Why should I volunteer? I’m glad this question is not asked as frequently as it used to be before. Volunteering being equated to doing good and feeling good; people are more or less convinced that volunteering is good and that they would want to do it, if they get a chance.
Now this “if they get a chance” more often than not keeps this desire of volunteering from becoming a reality. In an earlier article, I wrote that volunteering is being selfish and here I would like to prove just that. The idea of “Giving is Receiving” is never more tested than while volunteering.
A student, a homemaker or a professional – volunteering is the best life skills teacher you can get. There is no prerequisite for volunteering except for a commitment. Once committed volunteering can help you hone your existing or learn newer skills. Meenakshi, who was on a sabbatical from her stressful banking job turned to volunteering to keep herself busy. She used to teach a visually challenged youth mathematics. She didn’t know the A-B-C of teaching a visually challenged but she took it upon herself as a challenge. She researched on Internet and tried different ways of explain to Raju. Today Raju has cleared his MCA exam and Meenakshi has learnt to more patient as well as innovative in everyday life.
Face the Reality
For me volunteering was a big reality check. Most often we live in protected worlds; we see poverty from our car windows but it’s not us; we give our maids that old discarded saree and the leftover food every day; we feel we’ve done our part. But that’s exactly what volunteered showed me. When I was doing an article on human trafficking and volunteered with NGOs working with children of victims; I was in for a big shock. The sheer magnitude left me dumbstruck that it’s not something that happens to someone else, at someplace else; but it’s happening right in my backyard.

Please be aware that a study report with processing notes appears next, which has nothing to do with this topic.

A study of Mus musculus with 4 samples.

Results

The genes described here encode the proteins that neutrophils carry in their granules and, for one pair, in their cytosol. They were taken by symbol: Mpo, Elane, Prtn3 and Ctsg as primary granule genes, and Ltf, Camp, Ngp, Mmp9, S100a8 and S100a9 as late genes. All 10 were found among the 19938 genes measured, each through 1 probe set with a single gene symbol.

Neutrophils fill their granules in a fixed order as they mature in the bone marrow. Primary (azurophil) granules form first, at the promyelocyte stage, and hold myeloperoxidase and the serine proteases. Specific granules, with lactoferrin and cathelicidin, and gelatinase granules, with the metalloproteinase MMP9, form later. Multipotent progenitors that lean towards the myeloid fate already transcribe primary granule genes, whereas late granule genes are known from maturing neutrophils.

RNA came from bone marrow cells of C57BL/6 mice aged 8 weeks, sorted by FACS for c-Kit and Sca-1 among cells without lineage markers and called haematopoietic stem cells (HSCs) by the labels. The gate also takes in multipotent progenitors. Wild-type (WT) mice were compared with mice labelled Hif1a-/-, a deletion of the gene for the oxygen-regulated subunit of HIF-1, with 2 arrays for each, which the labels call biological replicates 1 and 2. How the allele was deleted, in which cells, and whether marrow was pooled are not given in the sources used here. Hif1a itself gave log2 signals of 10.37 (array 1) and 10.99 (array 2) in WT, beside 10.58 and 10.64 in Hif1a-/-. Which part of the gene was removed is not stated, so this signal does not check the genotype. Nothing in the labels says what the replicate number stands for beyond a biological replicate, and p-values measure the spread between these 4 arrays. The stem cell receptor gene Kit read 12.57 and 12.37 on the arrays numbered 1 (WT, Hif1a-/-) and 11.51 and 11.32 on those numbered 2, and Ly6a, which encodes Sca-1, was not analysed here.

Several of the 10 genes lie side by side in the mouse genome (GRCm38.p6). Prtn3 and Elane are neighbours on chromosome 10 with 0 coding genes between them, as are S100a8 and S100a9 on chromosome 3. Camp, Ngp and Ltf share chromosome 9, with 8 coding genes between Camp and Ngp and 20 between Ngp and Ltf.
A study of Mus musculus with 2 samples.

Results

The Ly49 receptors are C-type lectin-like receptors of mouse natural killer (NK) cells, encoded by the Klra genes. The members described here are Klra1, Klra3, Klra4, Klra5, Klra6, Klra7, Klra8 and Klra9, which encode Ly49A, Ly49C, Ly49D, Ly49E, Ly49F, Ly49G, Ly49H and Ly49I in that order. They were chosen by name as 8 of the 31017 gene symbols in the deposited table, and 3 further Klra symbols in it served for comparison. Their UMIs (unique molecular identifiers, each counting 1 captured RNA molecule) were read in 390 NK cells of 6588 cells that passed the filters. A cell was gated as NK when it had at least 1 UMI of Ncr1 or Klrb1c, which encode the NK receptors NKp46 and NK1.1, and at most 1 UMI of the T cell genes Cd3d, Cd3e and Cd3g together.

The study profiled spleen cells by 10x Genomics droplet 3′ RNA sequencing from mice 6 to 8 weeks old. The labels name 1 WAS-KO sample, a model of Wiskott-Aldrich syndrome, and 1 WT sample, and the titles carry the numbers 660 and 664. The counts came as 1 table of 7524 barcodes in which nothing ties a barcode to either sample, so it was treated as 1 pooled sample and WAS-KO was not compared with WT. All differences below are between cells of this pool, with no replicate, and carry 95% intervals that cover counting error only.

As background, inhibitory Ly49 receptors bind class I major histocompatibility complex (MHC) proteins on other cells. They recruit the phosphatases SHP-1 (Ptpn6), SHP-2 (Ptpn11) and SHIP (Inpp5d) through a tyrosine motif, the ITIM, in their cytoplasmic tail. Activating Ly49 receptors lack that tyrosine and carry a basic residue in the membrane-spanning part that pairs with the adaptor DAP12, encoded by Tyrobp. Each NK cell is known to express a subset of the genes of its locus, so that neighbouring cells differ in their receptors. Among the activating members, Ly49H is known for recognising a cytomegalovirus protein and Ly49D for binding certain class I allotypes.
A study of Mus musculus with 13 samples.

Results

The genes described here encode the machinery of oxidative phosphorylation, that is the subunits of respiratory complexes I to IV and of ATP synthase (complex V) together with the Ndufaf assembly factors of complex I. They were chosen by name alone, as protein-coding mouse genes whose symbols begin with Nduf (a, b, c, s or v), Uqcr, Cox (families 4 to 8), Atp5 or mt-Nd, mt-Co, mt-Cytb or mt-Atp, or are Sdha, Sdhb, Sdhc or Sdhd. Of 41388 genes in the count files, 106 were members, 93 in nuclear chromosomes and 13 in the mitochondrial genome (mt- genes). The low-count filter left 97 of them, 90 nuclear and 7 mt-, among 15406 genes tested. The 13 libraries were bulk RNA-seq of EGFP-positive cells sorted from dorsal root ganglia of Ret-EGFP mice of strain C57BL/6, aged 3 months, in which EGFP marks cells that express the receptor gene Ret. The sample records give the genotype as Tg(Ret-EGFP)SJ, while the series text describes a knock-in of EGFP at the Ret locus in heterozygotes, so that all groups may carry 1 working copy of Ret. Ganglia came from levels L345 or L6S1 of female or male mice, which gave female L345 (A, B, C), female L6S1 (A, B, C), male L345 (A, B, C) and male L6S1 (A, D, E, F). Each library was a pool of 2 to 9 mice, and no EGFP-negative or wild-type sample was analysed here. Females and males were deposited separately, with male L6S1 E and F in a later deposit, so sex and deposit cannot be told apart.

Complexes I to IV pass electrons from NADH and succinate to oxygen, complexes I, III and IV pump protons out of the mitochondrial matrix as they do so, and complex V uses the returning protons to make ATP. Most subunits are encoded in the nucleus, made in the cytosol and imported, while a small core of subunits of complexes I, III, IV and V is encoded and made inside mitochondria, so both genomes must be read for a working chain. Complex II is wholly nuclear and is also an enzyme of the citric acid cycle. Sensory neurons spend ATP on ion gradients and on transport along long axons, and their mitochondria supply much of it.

Voluntourism recently has gained a lot of prominence among travelers and volunteers alike. It offers the unique opportunity to see a place as an insider; live with locals and get access to many behind-the-scene activities in an area. This video shows how Ismat Abidi and other volunteers traveled across with NGO Ecosphere and helped build a greenhouse for Kungri Monastery in Pin, Valley, Spiti ( a remote and cold Indian valley, bordering Tibet)
You Tube video link: Volunteering with Spiti Ecosphere in the Himalayas
A sense of accomplishment
Feeling good; giving back to society; recognition – all have their roots in our personal desire for a sense of accomplishment. That smile on the child’s face after reading him a story; the sparkle in the elderly’s eyes after you have spent just about an hour listening to her; the satisfaction of putting the last book on the library project for a school are just some examples.
Friendships and networks
Volunteering is a great way of meeting new people, especially in a new place. My husband was once posted in Scotland for a short assignment and I accompanied him there. My usual day wasn’t very exciting as he was more often than not in office and I didn’t know anyone in my locality. Moreover it was winter, so people usually stayed indoors. One day when I was roaming in the market, I saw a ‘Save the children’ charity shop. I walked in and thereafter every day was an excitement. Volunteering in a shop also meant that I got to meet lots of new people and the regular volunteers with Save the Children everyday. I left Scotland with lots of friends and memories.
Yes volunteering is taxing; it takes up your time, energy and more often than not also money. Even then, here are 5 reasons why you should still volunteer! I think, everyone needs to answer this question for himself/ herself on a first hand basis. Here are some responses for “I volunteer for..” from some volunteers. Don’t think too much, just take the plunge and then add your experience here to inspire more :). Check out How to volunteer to get more ideas.
Are you a volunteer? Why do you volunteer? How does volunteering benefit you? We would love to read!